A silhouette of Bigfoot against an Oklahoma map is popular iconography on pickup trucks in Oklahoma. Do the drivers of these trucks believe in Bigfoot? I never asked, because I might have gotten the response, “Yeah. You got a problem with that?”
if that question was put to me, as a retired biology professor, I would be
unable to resist answering it. It would give me the opportunity to teach all
about genetics, population biology, and evolution.
Bigfoot cannot exist. Believers could say that He exists, but has never been seen. Unless Bigfoot was a single, immortal individual (no animal can be immortal), there would have to be a population of Bigfoots: daddy, mommy, and kids. Each additional Bigfoot would vastly increase the chances of someone detecting them. And Bigfoot, if He exists, is, well, big. He would need lots of food. He is usually depicted as a mammal, which means He is warm-blooded, and probably carnivorous, which means He needs lots of food. Carnivores are at the top of the food pyramid, which means that a few carnivores would need a food base of lots of herbivorous animals and plants. But where is the evidence that extensive browsing has occurred in Oklahoma forests? Bigfoot would mean Bigfood. Even if an individual Bigfoot could hide in a forest, He could not hide his feeding frenzy.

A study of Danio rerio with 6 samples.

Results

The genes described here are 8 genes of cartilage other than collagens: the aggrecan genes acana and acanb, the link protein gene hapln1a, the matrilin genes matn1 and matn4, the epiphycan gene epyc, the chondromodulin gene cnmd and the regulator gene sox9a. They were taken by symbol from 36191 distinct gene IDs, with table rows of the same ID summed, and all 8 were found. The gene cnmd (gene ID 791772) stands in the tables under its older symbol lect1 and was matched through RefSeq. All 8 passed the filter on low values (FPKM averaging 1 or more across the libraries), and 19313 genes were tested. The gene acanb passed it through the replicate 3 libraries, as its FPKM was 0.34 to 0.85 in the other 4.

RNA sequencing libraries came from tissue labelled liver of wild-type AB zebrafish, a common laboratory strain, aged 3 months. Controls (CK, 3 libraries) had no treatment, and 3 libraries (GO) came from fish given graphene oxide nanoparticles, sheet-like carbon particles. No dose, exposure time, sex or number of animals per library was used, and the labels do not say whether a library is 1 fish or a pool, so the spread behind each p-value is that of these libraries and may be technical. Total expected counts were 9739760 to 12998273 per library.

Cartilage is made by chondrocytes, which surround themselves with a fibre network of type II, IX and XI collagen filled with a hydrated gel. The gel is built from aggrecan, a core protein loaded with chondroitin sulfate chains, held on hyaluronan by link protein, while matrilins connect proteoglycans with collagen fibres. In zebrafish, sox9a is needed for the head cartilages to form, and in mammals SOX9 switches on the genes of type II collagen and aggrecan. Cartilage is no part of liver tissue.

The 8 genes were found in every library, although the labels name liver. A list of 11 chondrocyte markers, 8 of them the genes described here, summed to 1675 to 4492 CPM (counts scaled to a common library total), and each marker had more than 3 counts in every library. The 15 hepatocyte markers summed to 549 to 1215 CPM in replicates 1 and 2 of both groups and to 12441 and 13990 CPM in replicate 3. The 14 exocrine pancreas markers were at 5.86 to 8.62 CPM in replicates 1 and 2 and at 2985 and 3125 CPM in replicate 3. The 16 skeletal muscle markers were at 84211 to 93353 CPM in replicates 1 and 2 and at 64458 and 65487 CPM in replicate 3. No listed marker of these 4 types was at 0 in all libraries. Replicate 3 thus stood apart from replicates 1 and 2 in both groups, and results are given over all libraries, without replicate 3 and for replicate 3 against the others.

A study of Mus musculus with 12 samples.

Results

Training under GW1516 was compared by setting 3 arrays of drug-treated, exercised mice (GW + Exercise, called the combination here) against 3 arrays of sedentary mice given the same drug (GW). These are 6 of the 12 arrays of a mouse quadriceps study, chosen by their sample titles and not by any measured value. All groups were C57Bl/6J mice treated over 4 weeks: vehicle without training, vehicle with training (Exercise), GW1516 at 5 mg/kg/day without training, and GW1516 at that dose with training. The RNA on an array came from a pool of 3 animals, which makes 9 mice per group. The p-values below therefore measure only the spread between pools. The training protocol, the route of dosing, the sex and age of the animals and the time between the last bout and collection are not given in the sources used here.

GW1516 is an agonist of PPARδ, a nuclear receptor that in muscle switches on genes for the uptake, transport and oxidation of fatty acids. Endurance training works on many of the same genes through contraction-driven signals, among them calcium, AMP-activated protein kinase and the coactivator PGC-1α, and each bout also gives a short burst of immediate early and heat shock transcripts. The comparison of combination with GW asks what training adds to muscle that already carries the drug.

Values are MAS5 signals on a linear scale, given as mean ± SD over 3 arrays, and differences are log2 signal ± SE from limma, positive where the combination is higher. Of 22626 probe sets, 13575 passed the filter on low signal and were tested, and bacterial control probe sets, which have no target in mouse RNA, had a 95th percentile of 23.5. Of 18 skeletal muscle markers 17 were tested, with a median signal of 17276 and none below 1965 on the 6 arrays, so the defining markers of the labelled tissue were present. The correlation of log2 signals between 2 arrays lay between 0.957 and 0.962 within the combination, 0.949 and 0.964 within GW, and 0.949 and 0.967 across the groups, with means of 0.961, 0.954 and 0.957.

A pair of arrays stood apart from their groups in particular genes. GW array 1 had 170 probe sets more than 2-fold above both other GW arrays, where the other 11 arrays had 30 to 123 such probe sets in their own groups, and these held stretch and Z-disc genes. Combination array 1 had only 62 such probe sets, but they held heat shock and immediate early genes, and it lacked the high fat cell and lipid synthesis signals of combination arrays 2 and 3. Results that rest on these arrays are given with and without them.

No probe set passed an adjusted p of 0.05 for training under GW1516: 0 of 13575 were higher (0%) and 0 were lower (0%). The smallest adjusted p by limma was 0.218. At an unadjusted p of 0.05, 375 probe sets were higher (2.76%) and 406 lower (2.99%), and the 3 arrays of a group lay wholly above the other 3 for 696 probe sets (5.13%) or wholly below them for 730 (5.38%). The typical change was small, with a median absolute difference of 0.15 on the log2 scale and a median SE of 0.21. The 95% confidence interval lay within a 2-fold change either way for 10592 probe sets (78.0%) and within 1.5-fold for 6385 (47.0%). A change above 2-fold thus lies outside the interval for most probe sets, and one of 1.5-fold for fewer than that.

Bigfoot reminds me of a poem by Ogden Nash, about a monster from Native folklore, the Wendigo.
The Wendigo, the Wendigo,
I saw it just a friend ago.
Last night it was in Canada,
Tonight on your veranada.
But there are a couple of interesting things about Bigfoot and Wendigo. The first is that it is not interesting to simply say that there is no Bigfoot; it gets interesting when you have to explain why. Food chains, population biology, all of that. Now it becomes a teachable moment. Although by the time the guy was searching around in his pickup for a gun, I don’t think I would feel like being a professor any more. I posted a video about this.
The second interesting thing is that, according to Native mythology, the Wendigo started off as a good person who was transformed by self-aggrandizement into a monster. Could you become a Wendigo or a Bigfoot? Could I? I read this idea in Robin Wall Kimmerer’s book Braiding Sweetgrass, in which the Wendigo reference is one of the least important parts.
And of course all of this applies to Nessie, also. The monster (often portrayed as a plesiosaur) what supposedly still exists in Loch Ness, Scotland. One of the largest conventions of Loch Ness Monster believers took place in August 2023. The local officials insist this was not just a publicity stunt.
My final thought is, why do people believe these things? I assure you, the reality of science—genetics, population biology, and evolution—is interesting without having to invent fantasy.